Top-cut vs. side-cut can openers
Can openers can be top cut or side cut, and each type has its pros and cons. Many of us have learned to accept the risk of sharp, jagged edges when opening metal cans with a top cut opener, but side-cut or smooth-edge can openers change that by cutting along the side of the lid, splitting the seam where it joins the can and leaving smooth edges on both pieces.
Safer than traditional top-cutting models, smooth-edge can openers are more popular with parents of small children. They're also a great choice if you're buying for an elderly member of the family or are just tired of fishing top-cut can lids out of your food; a side-cut lid will not fit into the body of the can. Plus, a side-cut can opener's cutting teeth never actually contact the food, so they're more sanitary, rarely need to be washed (according to users), and are thus much less likely to rust than their top-cut competitors.
But smooth-edge can openers still aren't perfect. Because they don't leave an obvious separation, it can be hard to tell when you've cut all the way around, and if you cut around more than once, you risk creating sharp metal slivers that can get into your food or cut your fingers.
Durability is a continuing issue with smooth-edge can openers as well, and getting the lid off is sometimes a challenge. Some side-cut openers come with tiny pliers to help you grasp the lid and pull it off. Owners occasionally complain about the cutting blade of their smooth-edge opener dulling over time, requiring them to circle the can more than once, which, as noted above, creates metal slivers.
Top-cut models seem to last longer and open cans more dependably than their side-cutting counterparts, perhaps due to more robust cutting blades. Top-cut models are often equipped with magnets to keep the cut lid from falling down into your food. Both of the highest-rated handheld can openers are top-cut models, although we did find one (more expensive) side-cut model that's worth considering. If you are considering an electric can opener, our top pick among those is a side-cut model.
Electric models take the effort out of opening cans
Electric can openers reduce the process to the flip of a lever or push of a button, especially helpful if you have limited hand strength. Some will even stop automatically once they've completed the cut.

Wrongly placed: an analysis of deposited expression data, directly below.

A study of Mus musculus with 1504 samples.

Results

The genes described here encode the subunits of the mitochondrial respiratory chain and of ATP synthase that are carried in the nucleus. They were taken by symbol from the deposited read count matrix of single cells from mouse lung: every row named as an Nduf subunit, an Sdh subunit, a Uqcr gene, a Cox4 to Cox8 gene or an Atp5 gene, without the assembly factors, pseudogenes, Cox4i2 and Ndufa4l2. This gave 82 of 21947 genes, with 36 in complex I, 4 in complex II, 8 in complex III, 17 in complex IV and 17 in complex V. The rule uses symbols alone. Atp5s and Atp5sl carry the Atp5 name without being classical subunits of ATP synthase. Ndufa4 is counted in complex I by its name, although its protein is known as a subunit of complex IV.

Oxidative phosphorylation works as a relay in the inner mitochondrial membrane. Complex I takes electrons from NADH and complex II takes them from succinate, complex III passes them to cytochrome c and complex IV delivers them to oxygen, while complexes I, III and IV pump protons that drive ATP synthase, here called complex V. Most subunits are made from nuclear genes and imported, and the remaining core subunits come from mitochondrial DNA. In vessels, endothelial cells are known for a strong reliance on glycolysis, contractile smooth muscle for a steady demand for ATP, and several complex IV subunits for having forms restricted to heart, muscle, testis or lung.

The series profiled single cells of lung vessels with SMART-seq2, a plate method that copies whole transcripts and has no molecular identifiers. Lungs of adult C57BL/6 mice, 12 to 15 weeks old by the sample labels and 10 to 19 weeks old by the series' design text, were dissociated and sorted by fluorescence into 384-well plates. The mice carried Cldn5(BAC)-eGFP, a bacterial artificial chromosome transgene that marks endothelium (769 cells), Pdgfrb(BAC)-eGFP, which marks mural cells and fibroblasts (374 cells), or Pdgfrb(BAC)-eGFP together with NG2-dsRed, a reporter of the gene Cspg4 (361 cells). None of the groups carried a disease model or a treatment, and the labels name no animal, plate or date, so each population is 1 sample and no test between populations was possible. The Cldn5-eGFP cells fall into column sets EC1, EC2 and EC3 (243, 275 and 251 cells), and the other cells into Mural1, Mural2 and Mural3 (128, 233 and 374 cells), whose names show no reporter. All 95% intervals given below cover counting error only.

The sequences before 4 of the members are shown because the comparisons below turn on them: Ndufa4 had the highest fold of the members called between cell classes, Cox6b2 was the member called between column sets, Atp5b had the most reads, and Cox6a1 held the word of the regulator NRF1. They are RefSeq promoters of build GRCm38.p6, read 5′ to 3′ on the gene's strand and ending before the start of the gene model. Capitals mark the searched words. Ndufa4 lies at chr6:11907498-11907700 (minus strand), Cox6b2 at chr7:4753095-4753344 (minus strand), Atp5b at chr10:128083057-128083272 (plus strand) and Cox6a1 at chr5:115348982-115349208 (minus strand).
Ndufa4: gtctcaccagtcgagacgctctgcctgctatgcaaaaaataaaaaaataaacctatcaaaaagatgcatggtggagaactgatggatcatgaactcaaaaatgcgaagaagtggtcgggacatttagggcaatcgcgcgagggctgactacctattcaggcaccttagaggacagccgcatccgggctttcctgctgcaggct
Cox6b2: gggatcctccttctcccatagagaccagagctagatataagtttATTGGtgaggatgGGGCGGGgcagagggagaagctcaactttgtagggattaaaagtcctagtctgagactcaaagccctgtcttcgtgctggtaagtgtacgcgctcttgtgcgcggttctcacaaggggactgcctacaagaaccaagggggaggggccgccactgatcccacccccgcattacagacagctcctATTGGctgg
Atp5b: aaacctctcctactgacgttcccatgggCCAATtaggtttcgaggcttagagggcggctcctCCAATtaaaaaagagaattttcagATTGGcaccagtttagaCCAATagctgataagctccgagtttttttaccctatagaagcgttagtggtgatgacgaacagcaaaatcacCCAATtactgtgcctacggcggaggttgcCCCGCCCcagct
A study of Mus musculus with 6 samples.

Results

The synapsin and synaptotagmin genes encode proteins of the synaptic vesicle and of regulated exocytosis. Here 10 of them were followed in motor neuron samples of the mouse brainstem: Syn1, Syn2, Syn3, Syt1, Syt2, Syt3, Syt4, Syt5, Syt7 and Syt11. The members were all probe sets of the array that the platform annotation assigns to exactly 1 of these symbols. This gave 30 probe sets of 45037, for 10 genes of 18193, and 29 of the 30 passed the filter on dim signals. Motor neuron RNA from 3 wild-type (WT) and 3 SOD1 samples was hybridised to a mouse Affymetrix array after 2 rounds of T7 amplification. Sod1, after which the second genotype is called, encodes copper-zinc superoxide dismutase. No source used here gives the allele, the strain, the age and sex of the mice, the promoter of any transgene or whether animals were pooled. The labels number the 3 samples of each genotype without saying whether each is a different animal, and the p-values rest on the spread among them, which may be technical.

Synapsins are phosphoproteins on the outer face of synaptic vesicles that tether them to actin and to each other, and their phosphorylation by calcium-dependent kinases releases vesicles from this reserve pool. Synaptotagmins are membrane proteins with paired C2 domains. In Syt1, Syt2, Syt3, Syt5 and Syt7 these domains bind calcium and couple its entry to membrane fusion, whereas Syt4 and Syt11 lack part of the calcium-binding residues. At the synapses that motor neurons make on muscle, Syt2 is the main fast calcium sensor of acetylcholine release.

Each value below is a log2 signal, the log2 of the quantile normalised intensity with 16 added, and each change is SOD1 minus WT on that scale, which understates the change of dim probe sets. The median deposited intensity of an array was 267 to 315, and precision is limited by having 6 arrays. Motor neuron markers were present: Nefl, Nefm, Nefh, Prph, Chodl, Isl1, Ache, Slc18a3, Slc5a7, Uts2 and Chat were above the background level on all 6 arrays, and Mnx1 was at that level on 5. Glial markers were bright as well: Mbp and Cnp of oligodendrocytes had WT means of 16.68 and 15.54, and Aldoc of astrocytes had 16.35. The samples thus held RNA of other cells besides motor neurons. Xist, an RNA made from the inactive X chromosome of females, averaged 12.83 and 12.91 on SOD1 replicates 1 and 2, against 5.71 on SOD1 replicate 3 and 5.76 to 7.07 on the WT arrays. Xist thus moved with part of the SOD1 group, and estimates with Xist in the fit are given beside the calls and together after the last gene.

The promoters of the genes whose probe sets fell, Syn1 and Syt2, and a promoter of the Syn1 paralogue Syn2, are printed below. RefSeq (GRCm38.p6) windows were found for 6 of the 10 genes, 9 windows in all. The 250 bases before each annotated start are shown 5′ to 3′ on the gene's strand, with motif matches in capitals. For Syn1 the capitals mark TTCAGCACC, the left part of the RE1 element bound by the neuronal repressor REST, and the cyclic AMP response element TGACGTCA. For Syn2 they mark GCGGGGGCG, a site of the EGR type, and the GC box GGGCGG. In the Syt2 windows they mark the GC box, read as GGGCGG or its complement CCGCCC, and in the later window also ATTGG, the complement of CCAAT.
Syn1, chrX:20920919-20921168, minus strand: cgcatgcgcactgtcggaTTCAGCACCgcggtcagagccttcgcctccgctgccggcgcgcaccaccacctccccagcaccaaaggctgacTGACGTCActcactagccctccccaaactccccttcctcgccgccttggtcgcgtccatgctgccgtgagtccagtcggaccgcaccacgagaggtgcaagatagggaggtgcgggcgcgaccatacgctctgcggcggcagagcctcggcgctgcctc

Electric can openers are usually faster than manual models but are also more expensive, typically $20 to $40 or more, compared with $5 to $15 for the average manual can opener. They also require you to sacrifice some counter or cabinet space; most models will not fit in a drawer. Also, not all electric can openers are tall enough to handle the largest cans. A few users fix this by placing the unit right at the edge of the counter, dangling the oversize can off the edge. Electric can openers come in both top- and side-cut configurations, although the top-cut versions remain more common.
Cordless automatic can openers occupy the middle ground, doing the work for you and then stowing neatly in a kitchen drawer. These battery-powered gadgets are usually just slightly larger than manual models. That said, we found many complaints they get stuck partway around the can or run very slowly. None of them makes our list of top picks.
Jar openers: The other indispensable kitchen tool
Jar openers are tools that either clamp or slide onto the jar lid, providing extra leverage to help you get the jar open. Most jar openers require some (minimal) hand and wrist strength, but owners find they're still a big help for those with arthritis or limited grip strength. We cover jar openers at the end of our discussion of the best manual can openers.
Finding the best can openers
It seems like everybody's frustrated with dud can openers, searching eagerly for one that will just work. We found plenty of expert tests, choosing only the most recent and scientific ones for this report. Cook's Illustrated magazine and ConsumerReports.org are trusted sources for kitchen gadget tests. TheSweethome.com and the bloggers at AnnaAndKristina.com conduct well-designed comparison tests -- on-site at soup kitchens, donating all of the food from their can-opening sprees to these facilities. The Wall Street Journal and Chicago Tribune get in on the act, staging their own head-to-head can opener battles. Owner reviews at Amazon.com, Walmart.com and AceHardware.com reveal how can and jar openers work in real life, and some bestselling ones have amassed thousands of reviews.